Wednesday, 4 January 2012

More than half of nuclear radiation zone evacuees in Japan have yet to return home
31 Dec 2011

FUKUSHIMA, Japan 54% of evacuees from areas between 20 and 30 km (12.5 and 18.6 miles) of the Fukushima No. 1 nuclear power plant in Japan have yet to return home, three months after the government lifted its emergency evacuation preparation zones.

Due to slow progress in decontamination operations and a lack of job opportunities in the five municipalities in Fukushima Prefecture, 31,600, or 54%, out of a total 59,049 evacuees from the areas near the crippled generating plant continued to live in shelters instead of returning home as of last week.

In Minami-Soma City alone, 22,983, or about 50% of 46,744 evacuees from the city, still remain outside the city. Masahiro Igawa, 33, whose house in the city's Haramachi Ward was swept away by the March 11 tsunami that followed the major earthquake, evacuated to Fukushima City with his wife and four children. "Though decontamination operations have started, areas around schools still show high radiation levels, and hospitals have not been restored to original conditions. We can't go home even if we want to, out of consideration for our children", he said.

At Omika Primary School in Minami-Soma, 204 students had been expected to register this academic year. But most of the school's district was designated as an emergency evacuation preparation zone, which decreased the number of students to 81 as of Dec. 19. According to a survey conducted by the city's board of education at the end of November, about 40% of parents of the school's students still living outside the city said they will not return for the next academic year. About 30% said they were undecided as to whether to return.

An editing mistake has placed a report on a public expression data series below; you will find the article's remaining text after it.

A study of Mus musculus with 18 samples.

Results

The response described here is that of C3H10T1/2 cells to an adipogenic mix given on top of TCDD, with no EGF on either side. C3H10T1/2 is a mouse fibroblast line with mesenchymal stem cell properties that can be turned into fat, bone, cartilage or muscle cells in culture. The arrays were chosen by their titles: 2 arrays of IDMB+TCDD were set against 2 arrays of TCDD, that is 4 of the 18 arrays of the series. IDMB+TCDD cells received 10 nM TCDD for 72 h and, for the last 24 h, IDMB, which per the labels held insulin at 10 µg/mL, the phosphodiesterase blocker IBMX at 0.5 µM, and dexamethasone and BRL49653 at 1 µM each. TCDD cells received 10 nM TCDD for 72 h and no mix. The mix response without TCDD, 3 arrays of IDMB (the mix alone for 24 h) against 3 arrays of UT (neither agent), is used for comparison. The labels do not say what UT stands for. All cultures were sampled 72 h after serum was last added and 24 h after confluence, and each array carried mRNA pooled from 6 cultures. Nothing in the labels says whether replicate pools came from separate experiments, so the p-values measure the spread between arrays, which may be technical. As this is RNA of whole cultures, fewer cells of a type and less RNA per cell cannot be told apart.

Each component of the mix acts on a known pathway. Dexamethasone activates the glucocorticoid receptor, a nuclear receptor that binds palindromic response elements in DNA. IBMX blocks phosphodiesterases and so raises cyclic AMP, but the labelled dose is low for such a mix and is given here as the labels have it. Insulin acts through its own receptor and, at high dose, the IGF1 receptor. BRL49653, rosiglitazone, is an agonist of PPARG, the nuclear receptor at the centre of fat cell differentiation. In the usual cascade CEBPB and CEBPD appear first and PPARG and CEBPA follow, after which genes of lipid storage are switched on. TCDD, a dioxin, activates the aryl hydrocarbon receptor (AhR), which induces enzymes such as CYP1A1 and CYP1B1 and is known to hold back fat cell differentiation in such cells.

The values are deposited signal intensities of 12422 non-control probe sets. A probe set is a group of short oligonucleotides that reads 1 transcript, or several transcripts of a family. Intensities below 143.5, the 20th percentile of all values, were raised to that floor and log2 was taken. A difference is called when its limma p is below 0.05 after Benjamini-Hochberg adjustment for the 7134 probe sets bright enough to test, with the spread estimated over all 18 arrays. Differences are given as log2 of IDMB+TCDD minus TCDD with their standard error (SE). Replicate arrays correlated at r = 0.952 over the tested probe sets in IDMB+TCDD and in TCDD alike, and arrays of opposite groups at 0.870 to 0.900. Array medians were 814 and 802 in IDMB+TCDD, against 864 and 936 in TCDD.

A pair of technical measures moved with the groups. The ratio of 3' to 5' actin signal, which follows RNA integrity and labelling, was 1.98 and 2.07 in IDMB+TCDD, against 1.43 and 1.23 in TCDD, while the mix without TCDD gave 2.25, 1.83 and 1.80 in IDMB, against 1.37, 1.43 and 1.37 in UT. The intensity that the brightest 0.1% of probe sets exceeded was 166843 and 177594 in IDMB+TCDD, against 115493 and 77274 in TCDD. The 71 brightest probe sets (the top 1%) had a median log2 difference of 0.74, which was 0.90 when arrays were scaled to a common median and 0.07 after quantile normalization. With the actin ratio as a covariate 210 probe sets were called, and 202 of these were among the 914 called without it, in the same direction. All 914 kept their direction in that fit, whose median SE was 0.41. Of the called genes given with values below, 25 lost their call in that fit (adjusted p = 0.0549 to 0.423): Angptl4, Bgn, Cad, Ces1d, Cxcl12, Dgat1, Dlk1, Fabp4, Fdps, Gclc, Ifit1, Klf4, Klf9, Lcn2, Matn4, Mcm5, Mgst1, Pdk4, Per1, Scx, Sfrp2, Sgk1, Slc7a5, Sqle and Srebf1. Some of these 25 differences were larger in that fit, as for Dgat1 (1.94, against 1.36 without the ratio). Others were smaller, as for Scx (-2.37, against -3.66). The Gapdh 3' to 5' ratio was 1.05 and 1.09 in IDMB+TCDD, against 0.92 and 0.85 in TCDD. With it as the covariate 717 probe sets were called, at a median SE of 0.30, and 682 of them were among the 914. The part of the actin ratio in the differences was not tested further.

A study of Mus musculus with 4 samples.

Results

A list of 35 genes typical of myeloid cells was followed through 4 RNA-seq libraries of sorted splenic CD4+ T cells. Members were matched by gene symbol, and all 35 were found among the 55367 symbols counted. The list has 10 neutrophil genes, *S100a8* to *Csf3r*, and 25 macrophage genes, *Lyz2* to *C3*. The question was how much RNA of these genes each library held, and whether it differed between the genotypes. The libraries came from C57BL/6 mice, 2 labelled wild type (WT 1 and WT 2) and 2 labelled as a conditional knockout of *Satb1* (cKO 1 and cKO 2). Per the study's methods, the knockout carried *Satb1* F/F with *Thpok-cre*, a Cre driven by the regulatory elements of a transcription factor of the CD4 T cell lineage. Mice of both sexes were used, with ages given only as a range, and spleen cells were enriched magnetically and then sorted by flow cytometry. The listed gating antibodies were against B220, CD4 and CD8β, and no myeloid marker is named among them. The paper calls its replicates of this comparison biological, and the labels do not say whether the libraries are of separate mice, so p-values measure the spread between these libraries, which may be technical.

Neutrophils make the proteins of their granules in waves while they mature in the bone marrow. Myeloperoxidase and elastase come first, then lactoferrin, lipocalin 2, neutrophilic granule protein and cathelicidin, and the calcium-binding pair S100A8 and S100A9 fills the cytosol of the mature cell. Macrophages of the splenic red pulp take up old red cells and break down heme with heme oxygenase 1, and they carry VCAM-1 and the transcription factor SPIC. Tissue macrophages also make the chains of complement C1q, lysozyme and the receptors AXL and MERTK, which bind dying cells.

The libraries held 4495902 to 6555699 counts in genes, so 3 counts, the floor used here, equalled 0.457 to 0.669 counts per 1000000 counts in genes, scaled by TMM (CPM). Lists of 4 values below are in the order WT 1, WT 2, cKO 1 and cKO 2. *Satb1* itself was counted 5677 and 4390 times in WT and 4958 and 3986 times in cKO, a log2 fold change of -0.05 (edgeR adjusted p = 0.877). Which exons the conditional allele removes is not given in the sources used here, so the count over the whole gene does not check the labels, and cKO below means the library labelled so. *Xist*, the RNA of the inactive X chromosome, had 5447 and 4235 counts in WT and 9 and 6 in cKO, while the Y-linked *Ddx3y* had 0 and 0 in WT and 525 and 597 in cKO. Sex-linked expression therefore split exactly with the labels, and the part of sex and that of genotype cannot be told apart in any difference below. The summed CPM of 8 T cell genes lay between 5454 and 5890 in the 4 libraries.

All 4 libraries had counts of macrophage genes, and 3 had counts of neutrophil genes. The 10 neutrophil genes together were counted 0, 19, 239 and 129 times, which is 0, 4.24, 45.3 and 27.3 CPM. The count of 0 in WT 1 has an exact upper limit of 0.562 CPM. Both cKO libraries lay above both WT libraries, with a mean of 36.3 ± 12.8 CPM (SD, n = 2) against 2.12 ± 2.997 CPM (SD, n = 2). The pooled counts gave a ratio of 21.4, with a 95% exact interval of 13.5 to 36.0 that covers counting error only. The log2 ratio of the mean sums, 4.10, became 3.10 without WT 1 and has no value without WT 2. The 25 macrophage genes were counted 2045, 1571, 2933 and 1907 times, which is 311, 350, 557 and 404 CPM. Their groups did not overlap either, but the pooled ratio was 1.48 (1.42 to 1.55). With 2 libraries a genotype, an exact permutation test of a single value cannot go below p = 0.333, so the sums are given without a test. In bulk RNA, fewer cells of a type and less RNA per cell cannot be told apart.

Katsushige Hirama, the school's principal, said an unstable employment situation is one of the factors delaying people's return to the city. "In addition to the radiation fears, (children's) parents are facing employment problems", Hirama said. According to the Hello Work Soso job placement center, which serves Minami-Soma, the ratio of job seekers to jobs in October was 3,194 to 2,870. The number of people who actually obtained a job was 317. "There are many one-year contract jobs for decontamination or debris removal, but there are few long-term jobs", said Masahiro Kikuchi, a career counselor at the office.

A 37-year-old housewife who along with her family took refuge in Fukuchiyama City, Kyoto Prefecture, from the Minami-Soma's Haramachi Ward, said: "There are no jobs for us if we return home. I also have fears about radiation. Although my parents and relatives are staying in Minami-Soma, we're not going back there".

Many residents from other municipalities also have yet to return home, as decontamination operations have progressed slowly, and schools have not reopened since the disaster. In the village of Kawauchi in the prefecture, none of 2,675 evacuees have returned home. "Unless there is progress in decontamination work, there's nothing we can do", an official of the village office said.